French people reject the far right – again

1 hour ago

By Hugh SchofieldBBC News


The French have said it again: they do not want the far right in power.

They gave them a big win in the European elections; they gave them a big win in the first round of this parliamentary election.

But when it came to a vote that really counted, just as in the presidentials, they drew back from the brink.

This surprise upset which has reduced the National Rally (RN) to third place – with perhaps 150 seats compared with predictions a week ago of nearly 300 – is due entirely to voters turning out in large numbers to stop them.


The RN will argue – with some justice – that this was only possible because the other parties came together to play the system.

They note that the disparate parties of the left all suddenly forgot their differences to form a new anti-RN coalition; and then that the Macronites and the left forgot their differences too.

They note that nothing unites these politicians (from Edouard Philippe on the centre right to Philippe Poutou of the Trotskyist left) except their opposition to the RN. And that this lack of agreement bodes ill for the future.

Nonetheless, the fact remains. Most people do not want the far right – either because they oppose its ideas, or because they fear the unrest that would inevitably attend its coming to power.

So if Jordan Bardella will not be the country’s next prime minister, who will be?

That is the great unknown. And contrary to convention following previous French parliamentary elections, it may be weeks before we have an answer.

Because something has happened these past tense weeks to change the very nature of the French political system.


As Alain Duhamel — veteran of every election since Charles de Gaulle – put it: “Today there is no longer any dominant party. Since Macron came to power seven years ago, we have been in a period of deconstruction of our political forces.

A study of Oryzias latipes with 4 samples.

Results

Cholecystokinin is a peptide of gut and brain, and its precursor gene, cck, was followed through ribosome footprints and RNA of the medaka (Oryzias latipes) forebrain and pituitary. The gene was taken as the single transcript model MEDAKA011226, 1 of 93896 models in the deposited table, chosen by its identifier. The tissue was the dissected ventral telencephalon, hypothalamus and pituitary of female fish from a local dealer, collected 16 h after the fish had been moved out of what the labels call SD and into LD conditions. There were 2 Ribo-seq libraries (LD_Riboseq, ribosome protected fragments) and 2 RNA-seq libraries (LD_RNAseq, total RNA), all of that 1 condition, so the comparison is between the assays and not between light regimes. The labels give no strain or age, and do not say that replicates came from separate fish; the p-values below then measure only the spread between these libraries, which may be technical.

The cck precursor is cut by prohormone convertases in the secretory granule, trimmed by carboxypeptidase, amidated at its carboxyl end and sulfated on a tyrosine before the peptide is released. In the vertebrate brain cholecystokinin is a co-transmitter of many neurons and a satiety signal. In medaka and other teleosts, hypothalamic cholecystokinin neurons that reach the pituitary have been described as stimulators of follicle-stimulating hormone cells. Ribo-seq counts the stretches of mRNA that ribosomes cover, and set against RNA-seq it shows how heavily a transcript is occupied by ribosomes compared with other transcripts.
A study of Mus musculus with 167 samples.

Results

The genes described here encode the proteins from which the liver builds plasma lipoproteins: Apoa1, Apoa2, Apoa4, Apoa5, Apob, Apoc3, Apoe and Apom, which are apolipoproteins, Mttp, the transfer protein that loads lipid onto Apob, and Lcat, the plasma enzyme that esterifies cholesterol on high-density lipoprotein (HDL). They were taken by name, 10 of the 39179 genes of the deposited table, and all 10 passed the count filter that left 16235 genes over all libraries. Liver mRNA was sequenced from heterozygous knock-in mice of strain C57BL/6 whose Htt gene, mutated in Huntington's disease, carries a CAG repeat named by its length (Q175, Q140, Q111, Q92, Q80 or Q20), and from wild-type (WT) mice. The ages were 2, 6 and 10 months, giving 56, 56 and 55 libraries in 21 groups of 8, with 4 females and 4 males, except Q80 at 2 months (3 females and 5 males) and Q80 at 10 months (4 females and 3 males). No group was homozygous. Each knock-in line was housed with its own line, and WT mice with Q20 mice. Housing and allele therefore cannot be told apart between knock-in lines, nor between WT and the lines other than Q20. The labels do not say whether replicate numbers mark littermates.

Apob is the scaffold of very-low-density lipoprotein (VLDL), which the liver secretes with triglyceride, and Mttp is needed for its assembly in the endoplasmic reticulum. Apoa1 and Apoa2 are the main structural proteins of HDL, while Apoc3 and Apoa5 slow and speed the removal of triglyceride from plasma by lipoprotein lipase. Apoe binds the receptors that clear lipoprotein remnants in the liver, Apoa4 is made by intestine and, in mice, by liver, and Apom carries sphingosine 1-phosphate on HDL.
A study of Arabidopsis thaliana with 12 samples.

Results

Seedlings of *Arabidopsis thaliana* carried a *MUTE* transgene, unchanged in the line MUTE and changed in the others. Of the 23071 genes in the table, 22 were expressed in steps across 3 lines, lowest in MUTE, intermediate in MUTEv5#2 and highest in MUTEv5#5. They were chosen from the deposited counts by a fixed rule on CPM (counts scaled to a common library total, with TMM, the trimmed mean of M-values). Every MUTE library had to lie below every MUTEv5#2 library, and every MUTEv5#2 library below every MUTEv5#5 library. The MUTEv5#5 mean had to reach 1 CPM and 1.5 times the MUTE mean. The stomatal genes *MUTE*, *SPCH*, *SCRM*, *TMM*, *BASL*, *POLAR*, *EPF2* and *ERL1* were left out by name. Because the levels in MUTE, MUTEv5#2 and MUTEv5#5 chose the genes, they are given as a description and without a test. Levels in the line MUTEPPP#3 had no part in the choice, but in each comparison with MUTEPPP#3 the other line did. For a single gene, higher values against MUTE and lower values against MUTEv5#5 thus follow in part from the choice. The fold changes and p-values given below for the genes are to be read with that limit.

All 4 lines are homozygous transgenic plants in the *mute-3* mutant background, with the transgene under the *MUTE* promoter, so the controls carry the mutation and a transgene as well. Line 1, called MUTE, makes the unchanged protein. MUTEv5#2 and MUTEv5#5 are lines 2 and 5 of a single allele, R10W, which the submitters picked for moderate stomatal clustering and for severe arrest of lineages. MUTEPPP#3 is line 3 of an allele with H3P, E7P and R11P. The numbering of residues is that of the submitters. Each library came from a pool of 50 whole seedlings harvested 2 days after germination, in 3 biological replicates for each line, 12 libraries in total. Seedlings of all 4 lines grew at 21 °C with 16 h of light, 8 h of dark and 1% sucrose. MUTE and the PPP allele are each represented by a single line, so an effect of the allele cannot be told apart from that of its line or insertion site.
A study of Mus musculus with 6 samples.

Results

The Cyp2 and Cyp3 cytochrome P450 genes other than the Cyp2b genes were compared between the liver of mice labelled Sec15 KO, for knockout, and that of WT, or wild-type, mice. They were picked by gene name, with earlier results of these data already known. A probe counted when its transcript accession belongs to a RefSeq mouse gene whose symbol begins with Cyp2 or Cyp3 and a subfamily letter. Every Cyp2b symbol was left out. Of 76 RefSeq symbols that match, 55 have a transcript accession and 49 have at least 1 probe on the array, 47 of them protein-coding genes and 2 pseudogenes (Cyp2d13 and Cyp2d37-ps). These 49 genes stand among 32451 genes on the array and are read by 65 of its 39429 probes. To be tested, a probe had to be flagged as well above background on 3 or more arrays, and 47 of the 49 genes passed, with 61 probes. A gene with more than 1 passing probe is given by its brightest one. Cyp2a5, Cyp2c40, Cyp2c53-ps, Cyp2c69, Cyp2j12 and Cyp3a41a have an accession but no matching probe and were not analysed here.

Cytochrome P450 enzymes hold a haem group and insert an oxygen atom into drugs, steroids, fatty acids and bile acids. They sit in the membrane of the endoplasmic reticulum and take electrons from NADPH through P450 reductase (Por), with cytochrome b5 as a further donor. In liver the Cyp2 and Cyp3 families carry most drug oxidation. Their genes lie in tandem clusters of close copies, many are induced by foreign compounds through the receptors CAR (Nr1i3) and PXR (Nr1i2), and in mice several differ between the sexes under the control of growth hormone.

“Perhaps now we are beginning a period of reconstruction.”

What he means is that there is now a multitude of political forces: three major blocs (left, far-right and centre); plus the centre-right. And within these there are competing tendencies and parties.

With no party able to call the shots in the Assembly, a long period of haggling is now inevitable aimed at forming a new coalition from the centre-right through to the left.

It is far from obvious how it will be formed – given the mutual loathing that the different potential components have expressed till now.

But we can bet that President Macron will now call for a period of apaisement – conciliation – after the tensions of the last weeks.

Conveniently this period will last through the Olympics and the summer holidays, allowing the French to recover their spirits.


In the meantime, he will designate somebody to lead the talks and reach out to the different parties. Will it be someone from the left? Will it be someone from the centre? Will it be a political outsider? We do not know.

What seems certain though is that France is about to enter a more parliamentary system.

Power will drain from President Macron, and towards whoever heads the new government.

Even if he manages to place a centrist in the prime ministership (far from easy, given the strength of the left) that person will exercise power in his or her own right, and on the basis of parliamentary support.

Macron – with no prospect of running again in 2027 – will be a diminished figure.

So has the president lost his bet? Is he regretting his haste in calling the elections? Is he ready to take a backward step?

We can be sure that is not the way Macron sees it. He will be saying that he called the vote because the situation was untenable; that he has clarified politics, offered the RN a fairer share of Assembly seats, given their widespread support; and that his gamble that the French would never put the far-right in power was correct.

And in the meantime, he has not exactly gone away. Macron’s power may be on the wane. But he is still there at the Elysée, consulting with his team, prodding politicians, still master of the political clock.